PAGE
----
The foreign fighters proposed law

John Key has released the draft legislation that will go to the House on Tuesday. It will got to select committee very briefly, and then come back to the House to be passed before Christmas.

The four main measures are:

  1. Extending the period the Minister of Internal Affairs can cancel a passport to up to three years from the existing law’s 12 months
  2. Giving the Minister of Internal Affairs the power to temporarily suspend passports for up to 10 working days in urgent cases
  3. Allowing the NZ Security Intelligence Service (NZSIS) to carry out video surveillance on private properties for the purpose of observing activities of security concern, modelled on the Police’s powers in the Search and Surveillance Act
  4. Allowing the NZSIS to conduct emergency surveillance for up to 48 hours prior to the issue of a warrant, with the approval of its Director and subject to the oversight of the Inspector General of Intelligence and Security.

The first two proposals do not seem a big issue to me. They are just an extension to an existing power.

The third proposal is long overdue arguably, and just brings the powers  in line with the Police.

It is the 4th proposal that I have problems with, and frankly I don’t think the case for it has been made to justify it.

The justification in the bill is that information may come to light that someone not previously identified as a risk is about to travel to a conflict zone, and in the hours it takes to get a warrant, intelligence may be lost and they leave NZ.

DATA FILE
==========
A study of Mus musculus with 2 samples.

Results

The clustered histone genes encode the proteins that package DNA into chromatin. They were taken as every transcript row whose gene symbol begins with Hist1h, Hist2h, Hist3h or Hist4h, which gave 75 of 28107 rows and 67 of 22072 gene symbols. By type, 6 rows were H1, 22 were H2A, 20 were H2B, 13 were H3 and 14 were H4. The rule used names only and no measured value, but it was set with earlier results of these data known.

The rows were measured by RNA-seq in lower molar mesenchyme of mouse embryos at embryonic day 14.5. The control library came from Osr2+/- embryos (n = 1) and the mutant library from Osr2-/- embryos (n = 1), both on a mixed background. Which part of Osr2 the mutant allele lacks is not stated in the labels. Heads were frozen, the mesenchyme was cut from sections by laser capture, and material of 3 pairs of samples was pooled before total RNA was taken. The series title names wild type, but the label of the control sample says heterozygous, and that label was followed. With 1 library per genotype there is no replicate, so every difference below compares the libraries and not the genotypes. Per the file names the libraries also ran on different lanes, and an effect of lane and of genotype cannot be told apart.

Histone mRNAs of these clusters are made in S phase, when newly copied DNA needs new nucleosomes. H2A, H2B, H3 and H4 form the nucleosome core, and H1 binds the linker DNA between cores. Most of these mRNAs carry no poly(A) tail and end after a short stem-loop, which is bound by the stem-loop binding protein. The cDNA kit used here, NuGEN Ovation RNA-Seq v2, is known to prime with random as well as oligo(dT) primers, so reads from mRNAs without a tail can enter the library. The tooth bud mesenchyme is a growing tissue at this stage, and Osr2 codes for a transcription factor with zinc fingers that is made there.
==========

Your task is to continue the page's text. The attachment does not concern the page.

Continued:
I don’t think that is justification enough. Even if someone does leave to go to a conflict zone, that isn’t the end of the world. I’d rather they didn’t, but this isn’t enough of a threat to justify emergency surveillance without a warrant.

I also think there is a danger in trying to cover off every sort of theoretical possibility. You can justify almost anything with hypothetical justifications. You can justify torture if it is to discover the location of a nuclear bomb that will kill 100,000 people. But how likely is it? The question I would ask the SIS is whether there has ever been a situation where something bad happened because they had to wait six to 12 hours to get a warrant? Not a hypothetical situation, but an actual situation?

The danger of emergency powers is that can become a lazy norm. Why bother getting a warrant, if we can take a quick look for 48 hours, and then see if we learn enough to justify a warrant application? Now I have considerable respect for the current SIS Director, but the law should not be about the person in charge, but the institution.

So at this stage I’m unconvinced the fourth part of the law is justified, and if an MP would vote to remove it, unless I got better justification for it.

However it is worth noting there are some safeguards proposed for the emergency surveillance power. They are:

  • Only the Director can authorise
  • A maximum of 48 hours
  • Only when a delay is likely to lead to a loss of intelligence
  • The Commissioner of Security Warrants (CSW) must be notified within 12 hours
  • The CSW or the Minister can order the emergency surveillance to halt, once notified, if they do not think it meets the threshold
  • The Inspector-General of Security and Intelligence must be notified asap and can investigate if an emergency authorisation was appropriate
  • The SIS annual report must report how often an emergency surveillance was done
  • Law change is temporary, until 2018

These are good safeguards, but again I don’t think the case has been made for the power. If I was an MP I’d want details of actual harm caused in the past by not having this power.